Can Celecoxib Be Used to Treat HER2-Negative Breast Cancer?
Posted: Monday, March 18, 2019
Although prostaglandin-endoperoxide synthase 2 (PTGS2) is overexpressed in breast cancer, utilization of the PTGS2 inhibitor celecoxib during chemotherapy seemed to adversely affect survival in patients with breast cancer, particularly those with PTGS2-low and estrogen receptor–negative tumors. Anne-Sophie Hamy, MD, of the Institut Curie, France, and her team published the results of the REMAGUS02 trial in the Journal of Clinical Oncology.
“PTGS2 inhibitors should preferably be avoided during docetaxel use in patients with breast cancer who are undergoing neoadjuvant chemotherapy,” concluded the authors.
A total of 156 patients with HER2-negative breast cancer were treated with sequential neoadjuvant chemotherapy (epirubicin plus cyclophosphamide followed by docetaxel) with or without celecoxib. Breast cancer cell lines were used to validate results in vitro. Results were compared with those from the CALGB 30801 trial utilizing chemotherapy with or without celecoxib in patients with lung cancer.
After 94.5 months of follow-up, the event-free survival was significantly lower for the group treated with celecoxib (hazard ratio = 1.7). There was significant interaction between the COX2 expression and celecoxib use. For patients with low amounts of PTGS2, the event-free survival was lower if they were treated with celecoxib compared with standard treatment (hazard ratio = 3.01). Celecoxib use was a predictor of lower event-free survival, distant relapse–free survival, and overall survival.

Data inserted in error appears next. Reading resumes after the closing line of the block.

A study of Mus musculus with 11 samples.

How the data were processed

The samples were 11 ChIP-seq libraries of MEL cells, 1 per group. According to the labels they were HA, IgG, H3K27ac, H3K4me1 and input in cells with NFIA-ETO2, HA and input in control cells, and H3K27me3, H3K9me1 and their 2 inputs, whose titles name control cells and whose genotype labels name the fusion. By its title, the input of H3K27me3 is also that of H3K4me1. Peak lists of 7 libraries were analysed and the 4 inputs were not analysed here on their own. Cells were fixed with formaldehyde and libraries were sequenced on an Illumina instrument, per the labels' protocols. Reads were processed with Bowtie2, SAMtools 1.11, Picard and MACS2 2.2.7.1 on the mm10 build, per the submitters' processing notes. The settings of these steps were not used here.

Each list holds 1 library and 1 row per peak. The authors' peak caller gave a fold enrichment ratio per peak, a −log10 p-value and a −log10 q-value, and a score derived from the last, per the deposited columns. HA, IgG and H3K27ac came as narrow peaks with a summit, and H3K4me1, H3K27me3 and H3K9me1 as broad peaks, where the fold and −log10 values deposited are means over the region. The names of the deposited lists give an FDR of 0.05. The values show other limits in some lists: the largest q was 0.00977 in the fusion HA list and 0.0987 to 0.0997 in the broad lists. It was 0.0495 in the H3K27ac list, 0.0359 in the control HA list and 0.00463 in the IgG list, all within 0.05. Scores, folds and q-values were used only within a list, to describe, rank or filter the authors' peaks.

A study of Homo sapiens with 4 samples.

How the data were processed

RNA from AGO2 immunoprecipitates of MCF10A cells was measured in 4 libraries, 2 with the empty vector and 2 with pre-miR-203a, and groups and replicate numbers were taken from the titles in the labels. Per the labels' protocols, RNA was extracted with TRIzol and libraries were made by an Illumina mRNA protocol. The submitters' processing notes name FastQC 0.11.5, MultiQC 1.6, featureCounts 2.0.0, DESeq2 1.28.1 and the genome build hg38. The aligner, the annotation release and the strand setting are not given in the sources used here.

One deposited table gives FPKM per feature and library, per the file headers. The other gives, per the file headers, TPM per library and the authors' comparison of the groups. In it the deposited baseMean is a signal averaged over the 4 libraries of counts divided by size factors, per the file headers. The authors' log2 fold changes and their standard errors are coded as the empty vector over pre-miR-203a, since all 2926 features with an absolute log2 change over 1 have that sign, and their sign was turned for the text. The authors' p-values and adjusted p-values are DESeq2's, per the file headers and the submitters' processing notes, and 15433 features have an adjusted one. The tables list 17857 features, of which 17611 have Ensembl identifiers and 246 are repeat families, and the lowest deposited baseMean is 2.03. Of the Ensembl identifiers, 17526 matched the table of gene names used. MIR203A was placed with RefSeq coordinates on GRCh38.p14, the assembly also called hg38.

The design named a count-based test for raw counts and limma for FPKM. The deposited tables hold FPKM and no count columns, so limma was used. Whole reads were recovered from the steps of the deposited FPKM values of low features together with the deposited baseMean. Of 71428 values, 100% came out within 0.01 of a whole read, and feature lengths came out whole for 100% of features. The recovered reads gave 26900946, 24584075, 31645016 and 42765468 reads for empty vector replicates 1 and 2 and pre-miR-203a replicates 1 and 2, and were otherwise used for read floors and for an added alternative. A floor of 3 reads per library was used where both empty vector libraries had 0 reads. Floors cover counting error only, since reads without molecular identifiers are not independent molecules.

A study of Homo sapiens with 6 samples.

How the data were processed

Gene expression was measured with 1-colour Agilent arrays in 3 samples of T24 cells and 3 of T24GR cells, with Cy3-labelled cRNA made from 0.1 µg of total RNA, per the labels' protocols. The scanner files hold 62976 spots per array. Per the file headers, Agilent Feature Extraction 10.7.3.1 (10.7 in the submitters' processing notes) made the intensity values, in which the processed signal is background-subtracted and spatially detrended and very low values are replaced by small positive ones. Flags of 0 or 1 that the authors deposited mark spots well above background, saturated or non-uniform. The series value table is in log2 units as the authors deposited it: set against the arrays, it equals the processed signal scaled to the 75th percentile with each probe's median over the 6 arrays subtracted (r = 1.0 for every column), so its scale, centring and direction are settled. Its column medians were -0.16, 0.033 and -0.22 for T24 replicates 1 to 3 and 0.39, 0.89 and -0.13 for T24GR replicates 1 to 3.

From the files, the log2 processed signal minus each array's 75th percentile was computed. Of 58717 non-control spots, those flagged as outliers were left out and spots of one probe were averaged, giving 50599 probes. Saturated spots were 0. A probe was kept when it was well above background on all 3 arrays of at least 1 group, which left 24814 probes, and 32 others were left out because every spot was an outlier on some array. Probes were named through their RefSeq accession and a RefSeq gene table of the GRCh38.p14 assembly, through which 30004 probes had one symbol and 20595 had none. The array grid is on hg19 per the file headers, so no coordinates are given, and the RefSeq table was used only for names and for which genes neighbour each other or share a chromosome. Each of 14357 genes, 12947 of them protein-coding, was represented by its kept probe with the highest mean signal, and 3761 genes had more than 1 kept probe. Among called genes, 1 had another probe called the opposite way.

Cell lines with low PTGS2 expression had enhanced viability when treated with celecoxib and docetaxel, but this was not true for cell lines with high PTGS2 expression. In addition, the CALGB 30801 trial showed a trend toward worse progression-free survival in patients with low urinary metabolite levels of prostaglandin E2 (PTGS2 product) treated with celecoxib.
Disclosure: The study authors’ disclosure information may be found at ascopubs.org.